Cheyanne Harris: Iowa mother, 21, guilty of murder after baby son found dead in swing

Forensic entomologist says boy was sitting in maggot-infested swing for nine to 14 days in same nappy

Sarah Harvard
New York
Friday 08 February 2019 09:00
Sterling Koehn
Sterling Koehn

A mother in Iowa was found guilty for killing her four-month-old son after the boy was found dead in a maggot-infested swing while suffering extreme nappy rash.

It took jurors at Plymouth County courthouse four hours to determine that Cheyanne Harris, 21, was guilty of first-degree murder and child endangerment causing death.

On 30 August 2017, Sterling Koehn, the baby boy, was found “lifeless and bleeding from his mouth” in his swing in a stifling bedroom in an apartment in Chickasaw County.

The autopsy found he died from malnutrition, dehydration and an E. coli infection. The infection is likely caused from wearing a maggot-infested nappy for up to two weeks.

Harris was arrested after medics discovered the dead baby.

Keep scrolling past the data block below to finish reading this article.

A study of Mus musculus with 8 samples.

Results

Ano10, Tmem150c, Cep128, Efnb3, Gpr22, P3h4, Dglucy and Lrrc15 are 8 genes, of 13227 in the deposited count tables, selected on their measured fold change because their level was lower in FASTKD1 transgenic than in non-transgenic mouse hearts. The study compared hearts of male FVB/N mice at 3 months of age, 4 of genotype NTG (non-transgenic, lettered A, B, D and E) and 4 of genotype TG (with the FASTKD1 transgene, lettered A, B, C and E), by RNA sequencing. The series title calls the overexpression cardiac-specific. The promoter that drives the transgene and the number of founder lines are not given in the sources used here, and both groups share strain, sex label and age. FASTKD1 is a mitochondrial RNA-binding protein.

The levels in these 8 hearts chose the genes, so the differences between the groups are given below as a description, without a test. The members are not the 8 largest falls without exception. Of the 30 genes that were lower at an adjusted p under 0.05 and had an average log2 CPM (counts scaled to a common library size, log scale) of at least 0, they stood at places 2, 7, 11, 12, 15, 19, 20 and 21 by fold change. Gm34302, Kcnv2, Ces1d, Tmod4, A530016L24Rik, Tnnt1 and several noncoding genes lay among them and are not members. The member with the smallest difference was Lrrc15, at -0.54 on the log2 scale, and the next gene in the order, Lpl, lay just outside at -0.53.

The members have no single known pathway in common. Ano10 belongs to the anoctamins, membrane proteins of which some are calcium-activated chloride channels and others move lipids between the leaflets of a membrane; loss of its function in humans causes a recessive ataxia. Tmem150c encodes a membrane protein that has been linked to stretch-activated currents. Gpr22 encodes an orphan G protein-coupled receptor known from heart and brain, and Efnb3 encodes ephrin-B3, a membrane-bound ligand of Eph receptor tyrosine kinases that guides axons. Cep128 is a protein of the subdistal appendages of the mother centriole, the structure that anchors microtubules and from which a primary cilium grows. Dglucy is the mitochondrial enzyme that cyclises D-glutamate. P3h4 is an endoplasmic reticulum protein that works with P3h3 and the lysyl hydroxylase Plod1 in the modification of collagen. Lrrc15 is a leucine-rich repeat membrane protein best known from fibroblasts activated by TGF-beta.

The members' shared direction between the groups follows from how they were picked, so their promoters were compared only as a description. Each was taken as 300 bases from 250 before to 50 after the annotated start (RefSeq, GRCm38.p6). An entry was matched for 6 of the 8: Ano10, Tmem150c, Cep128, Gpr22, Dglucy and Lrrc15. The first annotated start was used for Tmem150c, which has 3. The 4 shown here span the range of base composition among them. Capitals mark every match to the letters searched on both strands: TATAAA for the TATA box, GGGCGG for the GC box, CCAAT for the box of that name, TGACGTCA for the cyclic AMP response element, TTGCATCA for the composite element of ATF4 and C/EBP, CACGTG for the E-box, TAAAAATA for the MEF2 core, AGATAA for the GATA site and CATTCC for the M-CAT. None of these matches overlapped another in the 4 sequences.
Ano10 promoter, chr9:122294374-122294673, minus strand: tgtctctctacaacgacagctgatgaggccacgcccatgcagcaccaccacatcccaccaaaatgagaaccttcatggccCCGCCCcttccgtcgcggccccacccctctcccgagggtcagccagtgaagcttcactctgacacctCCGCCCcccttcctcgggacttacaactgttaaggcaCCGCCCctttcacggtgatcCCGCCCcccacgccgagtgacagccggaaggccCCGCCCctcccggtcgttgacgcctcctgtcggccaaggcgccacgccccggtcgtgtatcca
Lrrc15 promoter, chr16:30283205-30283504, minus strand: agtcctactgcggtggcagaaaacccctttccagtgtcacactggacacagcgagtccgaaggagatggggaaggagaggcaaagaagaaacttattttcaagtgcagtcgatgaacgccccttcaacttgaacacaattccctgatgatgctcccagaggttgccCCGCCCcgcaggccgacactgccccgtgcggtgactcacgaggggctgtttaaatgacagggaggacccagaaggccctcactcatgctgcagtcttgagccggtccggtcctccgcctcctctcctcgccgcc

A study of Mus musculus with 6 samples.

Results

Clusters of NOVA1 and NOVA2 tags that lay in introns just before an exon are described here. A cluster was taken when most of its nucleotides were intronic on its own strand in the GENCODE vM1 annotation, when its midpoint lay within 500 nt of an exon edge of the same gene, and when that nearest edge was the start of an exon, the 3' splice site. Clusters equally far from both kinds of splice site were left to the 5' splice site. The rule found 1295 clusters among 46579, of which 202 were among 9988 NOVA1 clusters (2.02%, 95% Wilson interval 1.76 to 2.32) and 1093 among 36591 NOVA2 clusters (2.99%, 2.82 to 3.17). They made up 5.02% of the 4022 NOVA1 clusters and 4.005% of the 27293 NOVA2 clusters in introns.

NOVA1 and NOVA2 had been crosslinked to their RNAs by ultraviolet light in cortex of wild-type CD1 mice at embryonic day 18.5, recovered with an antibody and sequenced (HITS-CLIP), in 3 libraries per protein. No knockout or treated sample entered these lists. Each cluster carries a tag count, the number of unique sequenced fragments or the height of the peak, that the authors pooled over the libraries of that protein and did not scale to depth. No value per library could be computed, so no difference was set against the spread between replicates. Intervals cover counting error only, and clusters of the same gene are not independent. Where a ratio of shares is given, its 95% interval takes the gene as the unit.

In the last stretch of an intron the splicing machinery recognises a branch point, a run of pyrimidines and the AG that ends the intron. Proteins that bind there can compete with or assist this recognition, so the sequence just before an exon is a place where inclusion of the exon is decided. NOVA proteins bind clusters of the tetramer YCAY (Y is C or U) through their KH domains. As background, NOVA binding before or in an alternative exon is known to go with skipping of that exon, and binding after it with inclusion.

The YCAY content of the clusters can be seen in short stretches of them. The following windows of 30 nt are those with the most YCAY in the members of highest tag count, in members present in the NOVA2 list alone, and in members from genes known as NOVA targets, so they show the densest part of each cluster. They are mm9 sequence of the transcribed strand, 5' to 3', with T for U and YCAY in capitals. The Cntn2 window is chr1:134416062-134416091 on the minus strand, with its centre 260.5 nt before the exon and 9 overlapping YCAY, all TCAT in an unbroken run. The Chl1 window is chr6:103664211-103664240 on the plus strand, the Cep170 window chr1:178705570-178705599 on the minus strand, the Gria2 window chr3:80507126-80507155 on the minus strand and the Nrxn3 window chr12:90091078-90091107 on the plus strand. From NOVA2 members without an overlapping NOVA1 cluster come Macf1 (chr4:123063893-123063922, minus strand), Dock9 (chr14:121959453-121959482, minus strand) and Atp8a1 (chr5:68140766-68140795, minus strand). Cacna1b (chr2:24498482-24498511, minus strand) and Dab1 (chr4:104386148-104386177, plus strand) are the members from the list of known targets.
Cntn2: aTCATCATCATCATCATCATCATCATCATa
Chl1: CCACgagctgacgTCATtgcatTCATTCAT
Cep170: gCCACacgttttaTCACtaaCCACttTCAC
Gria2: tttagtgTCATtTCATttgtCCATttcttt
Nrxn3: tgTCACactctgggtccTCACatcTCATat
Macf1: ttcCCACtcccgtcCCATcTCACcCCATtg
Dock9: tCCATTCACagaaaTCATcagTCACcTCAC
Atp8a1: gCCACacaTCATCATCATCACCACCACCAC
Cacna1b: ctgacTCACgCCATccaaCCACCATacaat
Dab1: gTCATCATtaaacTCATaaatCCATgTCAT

The authorities said she had new nappies and baby ointments to treat the rash in her home, according to the Waterloo-Cedar Falls Courier.

In Iowa, a first-degree murder conviction has a mandatory life-sentence in prison without parole.

Zachary Koehn, the 29-year-old father of the boy, has already been convicted and is serving a life prison sentence for the same charges.

Witnesses told the court the apartment where the baby was discovered smelled of urine and faeces.

Jordan Clark, a former friend of the baby’s father, testified in court that he didn’t even know Koehn had a son.

Harris and Koehn also have another child, a two-year-old girl, who appears to be healthy.

Support free-thinking journalism and attend Independent events

Harris fed the baby boy the night before he was found, chief deputy Reed Palo said.

A forensic entomologist – a scientist who studies insects – said the baby boy had been sitting in the maggot-infested swing for nine to 14 days in the same nappy.

Nichole Watt, Harris’s attorney, also used mental health as a defence.

Harris, who confessed to using meth a few weeks before her son’s death, claimed postpartum depression and argued intoxication, or “diminished responsibility".

“The monster in this case is mental health,” Ms Watt said. “The monster in this case is depression."